Bhagavad Gita: Chapter 5, Verse 1

अर्जुन उवाच |
संन्यासं कर्मणां कृष्ण पुनर्योगं च शंससि |
यच्छ्रेय एतयोरेकं तन्मे ब्रूहि सुनिश्चितम् || 1||

arjuna uvācha
sannyāsaṁ karmaṇāṁ kṛiṣhṇa punar yogaṁ cha śhansasi
yach chhreya etayor ekaṁ tan me brūhi su-niśhchitam

arjunaḥ uvāchaArjun said; sanyāsamrenunciation; karmaṇāmof actions; kṛiṣhṇaShree Krishna; punaḥagain; yogamabout karm yog; chaalso; śhansasiyou praise; yatwhich; śhreyaḥmore beneficial; etayoḥof the two; ekamone; tatthat; meunto me; brūhiplease tell; su-niśhchitamconclusively

Translation

BG 5.1: Arjun said: O Shree Krishna, you praised karm sanyās (the path of renunciation of actions), and you also advised to do karm yog (work with devotion). Please tell me decisively which of the two is more beneficial?

Commentary

This is the fifth of Arjun’s sixteen questions. Shree Krishna praised both the renunciation of works and work with devotion. Arjun is confused by these apparently equivocal instructions and wishes to understand which of the two is more auspicious for him. Let us review the context of the question.

The first chapter described the nature of Arjun’s grief and created the setting for Shree Krishna to begin to relate spiritual knowledge to him. In the second chapter, Shree Krishna revealed to Arjun the science of the self and explained that since the soul is immortal, nobody would die in the war, and hence it was foolish to lament. He then reminded Arjun that his karm (social duty) as a warrior was to fight the war on the side of righteousness. But, since karm binds one to the fruits of actions, Shree Krishna encouraged Arjun to dedicate the fruits of his works to God. His actions would then become karm yog, or “united with God through works.”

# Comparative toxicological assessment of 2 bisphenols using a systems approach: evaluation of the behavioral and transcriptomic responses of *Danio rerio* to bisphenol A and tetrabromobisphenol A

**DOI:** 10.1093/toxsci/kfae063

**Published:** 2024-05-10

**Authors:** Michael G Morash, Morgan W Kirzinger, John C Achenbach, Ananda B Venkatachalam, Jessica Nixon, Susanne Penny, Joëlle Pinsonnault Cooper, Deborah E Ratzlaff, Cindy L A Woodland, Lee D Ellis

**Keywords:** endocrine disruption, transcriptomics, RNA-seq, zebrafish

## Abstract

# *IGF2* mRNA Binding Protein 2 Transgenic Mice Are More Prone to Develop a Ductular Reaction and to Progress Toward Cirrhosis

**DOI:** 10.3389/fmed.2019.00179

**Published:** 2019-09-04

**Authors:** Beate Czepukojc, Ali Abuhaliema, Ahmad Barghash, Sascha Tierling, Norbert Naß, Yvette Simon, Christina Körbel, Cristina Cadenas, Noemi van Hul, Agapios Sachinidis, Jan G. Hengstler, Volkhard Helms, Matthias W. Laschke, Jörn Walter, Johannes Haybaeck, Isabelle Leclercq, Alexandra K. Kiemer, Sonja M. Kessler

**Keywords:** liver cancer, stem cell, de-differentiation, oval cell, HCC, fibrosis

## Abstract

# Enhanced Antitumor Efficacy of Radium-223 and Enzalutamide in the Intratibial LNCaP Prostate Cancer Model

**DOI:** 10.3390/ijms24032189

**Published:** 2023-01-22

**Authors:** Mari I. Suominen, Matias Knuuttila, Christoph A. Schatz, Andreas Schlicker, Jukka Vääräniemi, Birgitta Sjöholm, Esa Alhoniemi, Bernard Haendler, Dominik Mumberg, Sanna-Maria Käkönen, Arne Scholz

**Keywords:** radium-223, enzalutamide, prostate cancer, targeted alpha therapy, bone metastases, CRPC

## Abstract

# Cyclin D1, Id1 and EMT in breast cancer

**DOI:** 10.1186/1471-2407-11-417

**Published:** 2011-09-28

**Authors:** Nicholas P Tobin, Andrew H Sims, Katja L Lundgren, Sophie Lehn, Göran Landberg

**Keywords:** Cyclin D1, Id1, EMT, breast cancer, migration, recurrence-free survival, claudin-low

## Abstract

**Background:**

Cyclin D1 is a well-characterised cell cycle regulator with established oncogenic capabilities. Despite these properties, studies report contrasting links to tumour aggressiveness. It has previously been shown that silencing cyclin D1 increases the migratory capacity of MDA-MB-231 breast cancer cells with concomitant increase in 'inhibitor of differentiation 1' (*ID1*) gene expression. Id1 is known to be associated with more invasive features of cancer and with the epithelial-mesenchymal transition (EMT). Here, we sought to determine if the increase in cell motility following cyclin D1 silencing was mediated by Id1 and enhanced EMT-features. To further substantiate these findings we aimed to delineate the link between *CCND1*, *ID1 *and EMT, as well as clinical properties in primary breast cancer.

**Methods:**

In the third chapter, the Supreme Lord explained that performing one’s duties is necessary because it helps to purify the mind. But he also said that a person who has already developed purity of mind is not obliged to perform any social duty (verse 3.13).

In the fourth chapter, the Lord explained the various kinds of sacrifices (works that can be done for the pleasure of God). He concluded by saying that sacrifice performed in knowledge is better than mechanical ritualistic sacrifice. He also said that all sacrifice ends in the knowledge of one’s relationship with God. Finally, in verse 4.41, he introduced the principle of karm sanyās, in which ritualistic duties and social obligations are renounced and one engages in devotional service with the body, mind, and soul.

These instructions perplexed Arjun. He thought that karm sanyās (renunciation of works) and karm yog (work in devotion) have opposite natures, and it is not possible to perform both simultaneously. Hence, he raises his doubt before Shree Krishna.